Q&A with the Scholars: Surrogacy and Assisted Reproductive Technology
Jennifer Lahl, R.N., M.A., is founder and president of The Center for Bioethics and Culture Network. Lahl couples her 25 years of experience as a pediatric critical care nurse, a hospital administrator, and a senior-level nursing manager with a deep passion to speak for those who have no voice. She serves on the North American Editorial Board for Ethics and Medicine and on the Board of Reference for the Institute on Disability. Ms. Lahl is one of our nearly 40 associate scholars. In this interview, she discusses surrogacy and assisted reproductive technology.
The infertility industry in the United States is a booming business. For many young women, the opportunity to receive money in return for donating their eggs for third-party reproduction may seem attractive in the face of financial burdens. But many people, including the donors themselves, are unaware of the risks involved. What are some of the overlooked harms of the egg donation industry?
Lahl: First, the fact that we have never once studied the long-term effect of this procedure of egg “donation” means that we can’t even begin to inform women of the potential risks to their health and their future fertility. Also, the commingling of money with any ethical decision-making is problematic because money can be coercive. Why don’t we allow organ donors to sell their organs? Because we know that people who need money will make decisions not in their own best interest. This industry preys on people who need money and have a desire to help. Finally, I remind young women: you are not helping someone have A baby, but helping them to have YOUR baby – a baby that will have half your genes, your family medical history, and is related to you and your family.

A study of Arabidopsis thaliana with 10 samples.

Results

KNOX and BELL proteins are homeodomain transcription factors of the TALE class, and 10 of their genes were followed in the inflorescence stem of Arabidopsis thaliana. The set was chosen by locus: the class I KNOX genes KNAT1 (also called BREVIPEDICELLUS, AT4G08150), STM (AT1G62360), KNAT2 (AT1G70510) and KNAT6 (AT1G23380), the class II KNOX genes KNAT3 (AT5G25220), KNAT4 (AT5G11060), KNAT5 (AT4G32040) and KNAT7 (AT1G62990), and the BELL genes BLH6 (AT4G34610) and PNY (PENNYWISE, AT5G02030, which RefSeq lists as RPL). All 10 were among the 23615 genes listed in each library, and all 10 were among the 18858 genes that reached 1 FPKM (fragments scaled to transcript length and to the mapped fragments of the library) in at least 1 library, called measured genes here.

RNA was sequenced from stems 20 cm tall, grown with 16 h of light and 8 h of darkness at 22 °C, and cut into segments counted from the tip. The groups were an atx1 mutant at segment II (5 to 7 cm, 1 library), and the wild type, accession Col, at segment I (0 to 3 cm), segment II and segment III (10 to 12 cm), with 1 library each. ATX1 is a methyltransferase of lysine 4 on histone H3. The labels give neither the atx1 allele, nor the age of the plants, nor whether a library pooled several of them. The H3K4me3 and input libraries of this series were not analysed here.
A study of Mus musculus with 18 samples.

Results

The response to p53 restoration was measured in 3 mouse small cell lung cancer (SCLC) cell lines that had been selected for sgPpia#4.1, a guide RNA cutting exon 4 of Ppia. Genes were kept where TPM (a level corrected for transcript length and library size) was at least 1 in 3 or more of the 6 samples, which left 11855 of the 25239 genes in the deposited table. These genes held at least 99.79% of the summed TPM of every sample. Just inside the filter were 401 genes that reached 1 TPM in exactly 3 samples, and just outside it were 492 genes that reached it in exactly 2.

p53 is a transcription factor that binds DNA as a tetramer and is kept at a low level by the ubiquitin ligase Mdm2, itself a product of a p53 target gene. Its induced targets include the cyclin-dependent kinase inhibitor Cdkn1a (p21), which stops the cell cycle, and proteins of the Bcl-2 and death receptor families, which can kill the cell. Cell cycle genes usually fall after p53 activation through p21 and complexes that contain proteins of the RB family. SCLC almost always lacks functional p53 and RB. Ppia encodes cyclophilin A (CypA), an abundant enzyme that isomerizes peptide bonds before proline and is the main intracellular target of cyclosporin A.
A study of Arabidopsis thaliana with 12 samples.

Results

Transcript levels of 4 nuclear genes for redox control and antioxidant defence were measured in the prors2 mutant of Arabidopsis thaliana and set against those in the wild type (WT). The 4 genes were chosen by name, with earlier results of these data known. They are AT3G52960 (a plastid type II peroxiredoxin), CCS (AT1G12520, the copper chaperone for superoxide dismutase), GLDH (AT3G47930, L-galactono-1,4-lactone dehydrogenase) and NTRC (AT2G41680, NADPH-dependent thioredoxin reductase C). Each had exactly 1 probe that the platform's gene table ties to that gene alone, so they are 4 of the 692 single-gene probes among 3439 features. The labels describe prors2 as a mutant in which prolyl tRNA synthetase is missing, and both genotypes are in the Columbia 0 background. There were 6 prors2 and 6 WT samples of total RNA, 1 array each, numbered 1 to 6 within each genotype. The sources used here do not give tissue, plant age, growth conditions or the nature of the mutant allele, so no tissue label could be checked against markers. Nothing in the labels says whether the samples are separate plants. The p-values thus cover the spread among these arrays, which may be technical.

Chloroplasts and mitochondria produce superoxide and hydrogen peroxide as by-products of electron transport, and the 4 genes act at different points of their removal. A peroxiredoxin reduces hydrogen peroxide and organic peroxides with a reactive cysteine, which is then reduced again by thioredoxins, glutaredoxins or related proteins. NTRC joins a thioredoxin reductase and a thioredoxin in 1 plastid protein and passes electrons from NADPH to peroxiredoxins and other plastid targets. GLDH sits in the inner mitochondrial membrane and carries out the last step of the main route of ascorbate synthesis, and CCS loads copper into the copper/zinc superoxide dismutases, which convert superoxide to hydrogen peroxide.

In your documentary “Anonymous Father’s Day,” you explore the impact of sperm donation on the lives of the children who come to be via assisted reproductive technology. What are some of the problems that these children experience that stem from knowing that they were created like a product rather than accepted as a gift?
Lahl: The problems these children experience vary depending on how they find out their conception story. People who learn this part of their story later in life often feel confused and angry as a result of being lied to. They may lack trust in the people who kept this secret from them. People who are told early on may just accept this as their story, but as they come of age may begin to wonder who they look like, who they came from, and whether their missing parent wonders about them too. My experience in speaking with them is that many of them, no matter when they learned their story, reject the practice of paying for sperm and the whole anonymity of the process.
Surrogacy—both commercial and non-commercial—is becoming a bigger and bigger issue. What effect does serving as a surrogate have on women—and does it make a difference whether one is paid to be a surrogate or does so as a favor for a loved one?
Lahl: My work is focused on stopping all surrogacy arrangements. As a pediatric nurse, I fully understand the importance of maternal-child bonding, and the goodness and naturalness of this bonding, beginning even before the child is born. Surrogate pregnancies carry additional health risks to mother and child above and beyond a natural pregnancy. One expert in my film, “Breeders: A Subclass of Women?”, eloquently says that the baby doesn’t care about the money – the baby cares about the mother it has attached to (the mother he or she will be taken from after birth) during the nine months of pregnancy.
What do you think is the thread (or threads) tying these issues together with reproductive technology? What is the basic attitude towards life that feeds these industries, and where does that attitude go wrong?
Lahl: We’ve stopped seeing children as gifts and now see them as products that we have a right to. Taking this attitude even further, we are witnessing strong eugenics in designing babies. Just look at egg and sperm ads that talk about “elite” donors, “Ivy League” donors, talented and athletic “good” genes – the very definition of eugenics. We think that because we have this new modern technology and enough money to afford it that we have a right to use these methods to get the child of our desire.
If you had 60 seconds to explain to someone why you have pursued the work that you have throughout your career, what do you tell them?
Lahl: As a strong patient advocate and a believer in good Hippocratic medicine, I am driven by my passion for women and children, maternal/child health, and a medical profession that does no harm.
Ms. Lahl’s full biography can be found here.